Ian Parker plays Emperor
Hong Kong Sinfonietta
City Hall Concert Hall
Hong Kong's flagship mid-sized orchestra has kept classical music aglow during the summer holidays, with a crowd-pleasing programme that has drawn a full house.
But what was truly engaging was the Hong Kong Sinfonietta's larger-than-life music-making propensity that often produces effects beyond the call of duty.
The concert started with four interludes from Britten's famous opera Peter Grimes.
The difficult scores, especially rugged rhythms in Sunday Morning and Moonlight, proved to be too much for the musicians, the woodwind section in particular. It was not until the last movement, Storm, that the orchestra resumed its solid form in the timpani-led passages that conveyed drama and weight.
The orchestra performed Beethoven's Emperor piano concerto with great composure in an inspired collaboration with Canadian pianist Ian Parker. Though the strings appeared thin in orchestral tutti, Parker's fresh rubato and vivacious tone drew some of the best playing from the woodwinds in the dialogue passages, and from the strings in the massive octaves from the piano mid-way in the first movement.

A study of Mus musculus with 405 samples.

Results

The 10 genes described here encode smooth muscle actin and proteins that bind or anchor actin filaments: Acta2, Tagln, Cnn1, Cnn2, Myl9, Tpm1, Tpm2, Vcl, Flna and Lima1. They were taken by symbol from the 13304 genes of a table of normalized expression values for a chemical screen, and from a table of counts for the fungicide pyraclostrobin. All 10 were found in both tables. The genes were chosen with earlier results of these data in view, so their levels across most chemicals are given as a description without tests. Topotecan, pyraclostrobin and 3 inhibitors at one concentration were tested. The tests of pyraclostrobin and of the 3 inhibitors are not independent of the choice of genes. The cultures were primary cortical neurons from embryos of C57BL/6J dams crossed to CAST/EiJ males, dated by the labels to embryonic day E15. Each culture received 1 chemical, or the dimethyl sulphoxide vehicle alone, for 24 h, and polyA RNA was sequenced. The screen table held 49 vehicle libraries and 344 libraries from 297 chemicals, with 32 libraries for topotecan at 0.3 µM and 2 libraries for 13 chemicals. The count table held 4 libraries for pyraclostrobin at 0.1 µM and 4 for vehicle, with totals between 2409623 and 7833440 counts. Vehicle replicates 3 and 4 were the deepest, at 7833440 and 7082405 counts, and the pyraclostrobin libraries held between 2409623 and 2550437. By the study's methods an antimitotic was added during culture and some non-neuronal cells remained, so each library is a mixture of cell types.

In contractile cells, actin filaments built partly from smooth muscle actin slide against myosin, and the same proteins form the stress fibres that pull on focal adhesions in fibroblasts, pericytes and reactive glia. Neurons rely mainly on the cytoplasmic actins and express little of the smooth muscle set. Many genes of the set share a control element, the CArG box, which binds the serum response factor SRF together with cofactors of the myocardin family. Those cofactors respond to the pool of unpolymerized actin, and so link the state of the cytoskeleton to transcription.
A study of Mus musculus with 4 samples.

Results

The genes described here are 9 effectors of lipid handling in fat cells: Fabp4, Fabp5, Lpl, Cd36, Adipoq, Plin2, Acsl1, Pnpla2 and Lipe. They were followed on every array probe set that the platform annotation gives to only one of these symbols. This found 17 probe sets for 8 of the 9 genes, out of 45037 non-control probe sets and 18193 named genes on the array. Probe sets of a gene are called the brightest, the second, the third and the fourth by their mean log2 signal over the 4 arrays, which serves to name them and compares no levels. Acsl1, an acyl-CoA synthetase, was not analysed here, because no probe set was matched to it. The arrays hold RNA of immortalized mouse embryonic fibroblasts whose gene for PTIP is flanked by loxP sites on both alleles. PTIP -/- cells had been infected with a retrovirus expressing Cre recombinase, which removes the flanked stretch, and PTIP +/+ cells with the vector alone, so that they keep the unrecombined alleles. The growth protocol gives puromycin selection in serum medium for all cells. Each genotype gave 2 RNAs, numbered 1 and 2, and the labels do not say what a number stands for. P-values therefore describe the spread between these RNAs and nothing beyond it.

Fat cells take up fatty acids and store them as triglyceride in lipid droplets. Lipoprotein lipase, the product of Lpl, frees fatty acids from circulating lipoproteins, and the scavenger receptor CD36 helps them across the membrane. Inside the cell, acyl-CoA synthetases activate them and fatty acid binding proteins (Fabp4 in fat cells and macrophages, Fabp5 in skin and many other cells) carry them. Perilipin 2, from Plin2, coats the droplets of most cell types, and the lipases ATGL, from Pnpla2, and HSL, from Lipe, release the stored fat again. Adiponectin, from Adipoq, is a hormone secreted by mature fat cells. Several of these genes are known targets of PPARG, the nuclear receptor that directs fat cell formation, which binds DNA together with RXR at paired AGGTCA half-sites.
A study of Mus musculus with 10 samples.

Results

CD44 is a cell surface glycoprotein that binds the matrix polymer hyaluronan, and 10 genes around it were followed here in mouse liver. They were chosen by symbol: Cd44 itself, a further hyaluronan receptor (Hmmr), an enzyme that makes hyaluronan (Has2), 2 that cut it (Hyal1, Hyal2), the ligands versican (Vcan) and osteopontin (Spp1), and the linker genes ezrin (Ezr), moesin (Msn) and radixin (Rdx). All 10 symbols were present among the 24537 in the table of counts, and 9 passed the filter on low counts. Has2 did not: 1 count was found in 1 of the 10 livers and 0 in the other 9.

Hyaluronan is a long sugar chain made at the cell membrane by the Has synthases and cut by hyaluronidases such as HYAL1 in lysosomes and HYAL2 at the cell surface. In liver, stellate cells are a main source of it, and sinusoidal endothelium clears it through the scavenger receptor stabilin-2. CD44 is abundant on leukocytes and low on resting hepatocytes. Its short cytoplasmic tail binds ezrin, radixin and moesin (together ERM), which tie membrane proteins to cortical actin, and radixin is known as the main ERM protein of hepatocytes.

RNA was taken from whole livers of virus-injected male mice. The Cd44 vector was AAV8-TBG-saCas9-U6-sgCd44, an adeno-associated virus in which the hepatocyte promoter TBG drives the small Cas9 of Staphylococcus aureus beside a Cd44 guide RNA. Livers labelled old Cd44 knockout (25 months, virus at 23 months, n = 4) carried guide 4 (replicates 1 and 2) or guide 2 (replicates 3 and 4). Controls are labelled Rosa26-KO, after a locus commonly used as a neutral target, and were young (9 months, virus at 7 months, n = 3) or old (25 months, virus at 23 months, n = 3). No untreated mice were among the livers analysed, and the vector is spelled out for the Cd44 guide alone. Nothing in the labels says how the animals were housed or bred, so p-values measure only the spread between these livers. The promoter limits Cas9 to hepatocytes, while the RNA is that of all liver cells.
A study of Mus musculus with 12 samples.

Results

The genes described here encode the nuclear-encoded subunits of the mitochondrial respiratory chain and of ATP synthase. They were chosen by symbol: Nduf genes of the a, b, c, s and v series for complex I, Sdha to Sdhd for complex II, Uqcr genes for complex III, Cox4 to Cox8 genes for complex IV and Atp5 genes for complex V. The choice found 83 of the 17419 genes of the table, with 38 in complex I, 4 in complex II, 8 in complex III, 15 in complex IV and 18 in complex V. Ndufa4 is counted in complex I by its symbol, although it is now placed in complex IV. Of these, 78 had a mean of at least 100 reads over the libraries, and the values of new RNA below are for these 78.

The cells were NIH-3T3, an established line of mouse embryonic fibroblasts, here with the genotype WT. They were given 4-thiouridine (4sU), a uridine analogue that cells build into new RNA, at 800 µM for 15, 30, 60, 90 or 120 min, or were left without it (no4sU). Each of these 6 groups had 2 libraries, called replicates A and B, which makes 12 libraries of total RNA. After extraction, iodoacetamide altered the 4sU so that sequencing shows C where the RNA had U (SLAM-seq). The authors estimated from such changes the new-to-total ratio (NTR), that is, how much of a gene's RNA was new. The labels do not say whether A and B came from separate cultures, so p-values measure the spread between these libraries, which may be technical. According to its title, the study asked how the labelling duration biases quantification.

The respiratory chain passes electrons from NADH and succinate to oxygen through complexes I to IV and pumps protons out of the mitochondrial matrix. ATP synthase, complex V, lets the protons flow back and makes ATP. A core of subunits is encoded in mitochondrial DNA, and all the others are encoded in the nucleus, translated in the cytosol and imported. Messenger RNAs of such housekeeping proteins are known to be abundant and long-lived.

Conductor Yip Wing-sie led her musicians with great precision at critical junctures, adding exquisite warmth in the delicate second movement, and sheer joy in the ebullient finale.
Rapturous applause was rewarded with a thrilling encore, Gershwin's Rhapsody in Blue, which Parker called "a small piece from New York".
Those who left after the concerto missed the best of the evening as the Sinfonietta pulled out all the stops in what appeared to be its debut performance of Sibelius' First Symphony.
Kicking off with sawing second violins after the atmospheric lone clarinet passage, there was no turning back in the four-movement work and all the fluctuating moods conveyed in the music. Except for a dragging trio section in the third movement, the work brought out the best of the sinfonietta.
Particularly memorable was the beautiful dialogue of the harp and the woodwind in the first movement, the sweeping strings in the second, and the thunderous passages of the timpani and the brass in the third and final movements.
The suspense before the final build-up added weight in the surge. How the final pizzicato plucks faded away showcased the great reverberation of our City Hall Concert Hall - truly unchanged after 50 years.